Ben Shapiro’s new book, The Right Side of History, has been met with both praise and criticism upon its release. Many on the left and the right have called it a masterful summary of philosophy in the last two millennia, addressing the existential crisis in the United States— a country whose people have lost meaning and purpose. What evidence do we see of this, though?
Riots, screaming matches, scandals. The calls for exclusion, division, and extinction of entire groups of people— this characterizes the modern American societal and political landscape. We are told repeatedly that Western civilization has resulted in slavery, sexism, homophobia, disease, and the deaths of millions. Judeo-Christian values are mocked openly as barbaric and scientific reasoning is seen as divisive, exclusive, and unfeeling. How, then, did these two ideas build the United States to be the bastion of freedom that ended slavery, promoted suffrage, elevated millions from poverty, and put mankind on the Moon?
The Right Side of History not only answers this question in detail, but takes readers through a two-thousand-year journey through philosophy in the West with Jerusalem Revelation and Greek Teleology, describing the importance of the tension between the two ideologies and the many tasks and trials the two have faced with alternative scholars, priests, popes, and personalities attacking the two concepts. Additionally, Shapiro spends a great deal of time investigating the alternative western philosophies as they rose to contest Judeo-Christian Revelation & Greek Reason and the consequences they bore on their respective societies.
Shapiro also addresses each idea with a concise description and their ramifications with a level of thoroughness not expected in a brief history of philosophy. These explanations aren’t boring, they’re intriguing. Every chapter connects another point in history with the ideas that shaped the people toiling to discover liberty and reason or tear it apart.
After finishing this book, it is more than clear that the combination of Greek reasoning and Judeo-Christian revelation has not only shaped political thought, but scientific and social discovery over many years. The result of a culture that casts one of these aside, Shapiro points out, is a drastic shift to animalistic hedonism or blind stoicism that erupts from a society lost without purpose or path.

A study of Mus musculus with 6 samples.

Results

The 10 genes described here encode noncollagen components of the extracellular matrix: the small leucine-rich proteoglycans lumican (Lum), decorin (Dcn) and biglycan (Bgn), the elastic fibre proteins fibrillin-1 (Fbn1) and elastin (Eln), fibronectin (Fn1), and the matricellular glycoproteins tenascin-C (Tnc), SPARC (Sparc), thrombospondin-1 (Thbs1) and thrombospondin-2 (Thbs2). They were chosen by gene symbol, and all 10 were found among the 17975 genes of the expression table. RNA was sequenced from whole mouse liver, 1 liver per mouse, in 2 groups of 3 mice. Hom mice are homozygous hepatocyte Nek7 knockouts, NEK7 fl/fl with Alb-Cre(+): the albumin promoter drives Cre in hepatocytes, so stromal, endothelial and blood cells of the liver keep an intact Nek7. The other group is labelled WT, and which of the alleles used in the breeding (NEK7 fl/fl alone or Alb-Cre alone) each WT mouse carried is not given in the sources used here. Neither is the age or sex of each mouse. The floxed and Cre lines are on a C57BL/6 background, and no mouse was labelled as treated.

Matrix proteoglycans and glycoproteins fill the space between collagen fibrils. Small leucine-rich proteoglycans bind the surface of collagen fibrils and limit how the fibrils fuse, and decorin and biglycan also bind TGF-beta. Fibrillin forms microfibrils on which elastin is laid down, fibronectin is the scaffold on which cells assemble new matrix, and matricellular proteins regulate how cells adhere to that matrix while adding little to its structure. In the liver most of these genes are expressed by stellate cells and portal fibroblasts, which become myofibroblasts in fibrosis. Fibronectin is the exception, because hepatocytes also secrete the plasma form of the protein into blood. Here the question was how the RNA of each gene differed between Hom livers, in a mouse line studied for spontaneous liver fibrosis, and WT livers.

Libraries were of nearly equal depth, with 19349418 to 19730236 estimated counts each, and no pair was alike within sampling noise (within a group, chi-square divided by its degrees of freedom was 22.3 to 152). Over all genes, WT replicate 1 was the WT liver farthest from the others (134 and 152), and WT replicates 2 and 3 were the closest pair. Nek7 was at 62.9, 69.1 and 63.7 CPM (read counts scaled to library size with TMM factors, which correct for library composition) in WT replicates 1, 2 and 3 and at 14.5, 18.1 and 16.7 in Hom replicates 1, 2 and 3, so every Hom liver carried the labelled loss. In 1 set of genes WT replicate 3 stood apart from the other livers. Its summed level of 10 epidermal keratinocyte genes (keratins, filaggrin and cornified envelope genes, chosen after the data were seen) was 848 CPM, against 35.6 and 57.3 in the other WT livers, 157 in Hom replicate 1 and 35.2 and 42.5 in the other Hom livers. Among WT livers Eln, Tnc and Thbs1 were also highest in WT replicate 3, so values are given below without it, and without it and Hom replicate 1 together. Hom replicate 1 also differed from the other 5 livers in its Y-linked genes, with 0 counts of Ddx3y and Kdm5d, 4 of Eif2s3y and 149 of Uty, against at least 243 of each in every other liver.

We need not look far into modern society to find the animalistic hedonism of instant pleasure and materialism gone rampant, as well as the paganistic blind stoicism of unfettered evolutionary law and amoral reasoning that tries to make sense of the world’s tragedy— attempting to remedy one victim while assaulting another.
Shapiro calls again for individuals to seek the two central tenets that have taken the poor and beaten down of the world and elevated them to free and happy people.
The worship of government or self doesn’t provide purpose or anything past temporary pleasures, but comes with a price far too high to pay. He points out the reasons of great men calling against such foolishness and unsure minds looking to the rubble of the past in which people looked for shortcuts and state-given safety rather than moral virtue and altruism. His central contention of the entire book rests in what we’ve lost and what we could gain:
“We are so angry at each other right now….[and it] came from the destruction of a common vision….supported by a framework of personal virtue culled from Judeo-Christian morality. We used to see each other as brothers and sisters, not as the 1% versus the 99%, or the privileged versus the victims–we weren’t enemies. We were a community, forged in fire, and tethered together by a set of values stretching back to the garden of Eden.”
Ben Shapiro’s claim is that Western Civilization is built upon the two fundamental ideas of God-given rights and liberties. We are all created in God’s image, and, through logic and reasoning, we don’t run to tribes and groups of color or creed, but reach towards a common vision of virtue and liberty for all.
This makes the Economist’s original argument (that Shapiro is an alt-right sage) even more ridiculous than it originally was. No person preaching the tribalism of the intersectional left or the alt-right would dare make the assertion that we, as a common people, have a common purpose and that it stands not on color or borders, but upon Athens and Jerusalem for all of mankind to claim.
If you’re looking for a well-written conservative perspective on history, philosophy, and a proven cure for a lost and fragmented culture, this is a great book for you!
The views expressed in this article are the opinion of the author and do not necessarily reflect those of Lone Conservative staff.